While NCAA basketball currently struggles with a lack of truly great teams and players, Big East basketball continues to flex its muscles as not only the most competitive conference in college hoops, but also the deepest and, frankly, most interesting. Boasting 16 programs that are predominately basketball-first, football-second, the Big East has become the de facto first superconference in college sports based on its sheer volume of competitive teams and disparity of talent when compared to its peers, and this week its five-day conference tournament will showcase the most enthralling of its kind in the country.

As it stands, the Big East is poised to almost certainly send 10 teams the NCAA Tournament (and possibly more, according our latest Bracketology). Some simple number crunching shows that if this were to occur, 63 percent of the conference will technically play for a national championship, and 15 percent of the entire NCAA Tournament field will hail from the Big East. You’re probably asking if that breaks some sort of record. It does, currently held by the Big East, twice. In both 2006 and 2008 the conference sent eight teams to the NCAA Tournament.

On Sunday, the Huffington Post’s Larry Atkins penned an article decrying the idea that one conference could have this many teams invited to the party, imploring the NCAA to implement a bid-allocation process that allows each conference to receive no more than five bids. Some caveats would be in play to allow for additional teams to be included, but the point was made.

The NCAA Tournament selection committee needs to spread the wealth around. In the last few years, they've usually given the benefit of the doubt to Bubble teams from the Big Six Conferences over teams from smaller conferences. Unless they stop following this trend, the NCAA needs to mandate more inclusion of the smaller schools into the field.

In addition to being disjointed, Larry’s argument is also unsettling and a tad unfounded. Taking away bids from the Big East because you’re more interested in diplomatically setting the field of 68 is disingenuous to fans looking for the most robust product on our televisions. I can’t quantify it, but I’m confident a middling Big East team can compete and provide higher entertainment value to an above average mid-major team. Sure it's an argument that needs another 750 words to truly justify, but we all know what's good for us.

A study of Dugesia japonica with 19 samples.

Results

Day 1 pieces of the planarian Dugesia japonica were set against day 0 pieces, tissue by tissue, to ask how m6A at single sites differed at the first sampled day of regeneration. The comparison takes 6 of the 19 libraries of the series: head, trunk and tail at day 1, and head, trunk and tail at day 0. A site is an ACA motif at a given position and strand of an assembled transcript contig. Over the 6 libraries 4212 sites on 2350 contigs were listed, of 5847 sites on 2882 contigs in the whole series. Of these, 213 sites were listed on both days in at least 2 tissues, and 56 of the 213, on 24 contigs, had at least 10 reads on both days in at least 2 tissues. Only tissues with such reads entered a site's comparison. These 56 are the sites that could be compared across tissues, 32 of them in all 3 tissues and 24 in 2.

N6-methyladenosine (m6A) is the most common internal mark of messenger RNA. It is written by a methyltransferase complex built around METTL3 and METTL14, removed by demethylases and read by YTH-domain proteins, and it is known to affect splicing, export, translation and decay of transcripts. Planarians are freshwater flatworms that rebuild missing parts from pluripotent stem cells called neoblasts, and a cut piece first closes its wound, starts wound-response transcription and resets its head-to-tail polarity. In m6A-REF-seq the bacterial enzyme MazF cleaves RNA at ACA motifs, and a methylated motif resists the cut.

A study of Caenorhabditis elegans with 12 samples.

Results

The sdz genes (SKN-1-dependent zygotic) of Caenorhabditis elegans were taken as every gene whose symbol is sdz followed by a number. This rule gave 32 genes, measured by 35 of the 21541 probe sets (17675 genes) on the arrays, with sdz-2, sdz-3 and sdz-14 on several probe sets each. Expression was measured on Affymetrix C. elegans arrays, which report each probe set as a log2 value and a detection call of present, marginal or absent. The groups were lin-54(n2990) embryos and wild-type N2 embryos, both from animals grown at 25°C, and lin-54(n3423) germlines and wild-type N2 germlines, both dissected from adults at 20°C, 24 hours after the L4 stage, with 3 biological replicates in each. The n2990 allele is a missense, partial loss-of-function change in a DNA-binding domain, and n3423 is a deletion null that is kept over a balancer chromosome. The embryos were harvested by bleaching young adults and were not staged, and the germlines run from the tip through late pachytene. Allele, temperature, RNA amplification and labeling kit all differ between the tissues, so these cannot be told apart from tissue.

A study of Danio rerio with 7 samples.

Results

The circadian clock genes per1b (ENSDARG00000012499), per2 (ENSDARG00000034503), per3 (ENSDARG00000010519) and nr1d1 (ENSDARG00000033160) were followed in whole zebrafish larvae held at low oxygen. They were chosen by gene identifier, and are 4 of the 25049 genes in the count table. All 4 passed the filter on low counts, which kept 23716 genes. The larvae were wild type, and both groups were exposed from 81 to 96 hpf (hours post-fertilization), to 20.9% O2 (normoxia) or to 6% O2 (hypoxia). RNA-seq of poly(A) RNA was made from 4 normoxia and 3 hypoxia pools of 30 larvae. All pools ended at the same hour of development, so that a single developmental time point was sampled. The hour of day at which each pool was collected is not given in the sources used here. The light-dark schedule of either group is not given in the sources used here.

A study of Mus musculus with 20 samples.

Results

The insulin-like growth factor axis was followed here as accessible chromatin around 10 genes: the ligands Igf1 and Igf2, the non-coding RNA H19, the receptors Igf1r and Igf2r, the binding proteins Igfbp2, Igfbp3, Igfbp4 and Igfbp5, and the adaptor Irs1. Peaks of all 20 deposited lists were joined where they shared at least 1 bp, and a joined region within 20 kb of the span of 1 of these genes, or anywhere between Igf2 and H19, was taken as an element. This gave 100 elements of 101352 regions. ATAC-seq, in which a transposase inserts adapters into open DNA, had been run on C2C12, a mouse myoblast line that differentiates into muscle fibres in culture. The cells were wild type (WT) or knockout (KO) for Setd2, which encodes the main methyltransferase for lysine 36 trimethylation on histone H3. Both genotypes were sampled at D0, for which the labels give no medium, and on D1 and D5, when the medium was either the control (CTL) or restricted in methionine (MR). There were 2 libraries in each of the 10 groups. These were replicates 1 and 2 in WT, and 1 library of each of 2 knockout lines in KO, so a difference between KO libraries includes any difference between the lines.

Some lambaste the Big East clubs for not challenging themselves more in the non-conference portion of their season. Not only do they look for cupcakes, but they also look to stay at home. This methodology shouldn't really criticized, however. Why serve yourself up with heavyweights early when you know there's plenty of them waiting for the conference portion of your schedule? Big East clubs aren't worried about proverbially stroking their egos, they know the rigors they're up against come the turn of the new year, and their more concerned with just being healthy and ready come March.  At the conclusion of the 2010-2011 regular season, the Big East possessed the No. 1 strength of schedule ranking, with all but one of the likely tournament teams boasting an SOS of less than 35, and four of those teams having an SOS of less than 15.

The Big East Tournament is so good it needs five whole days to crown a champion - and the overkill is absloutely fine with me. As is not the case with every conference tournament, there is substantial money to be made, so blowing this whole thing out to allow all teams a chance to taste glory is not only great for fans, it makes smart business sense. Maybe in 20 years, the team hoisting the trophy at center court of Madison Square Garden will be holding hardware just as sought after as that thing we used to call a National Championship.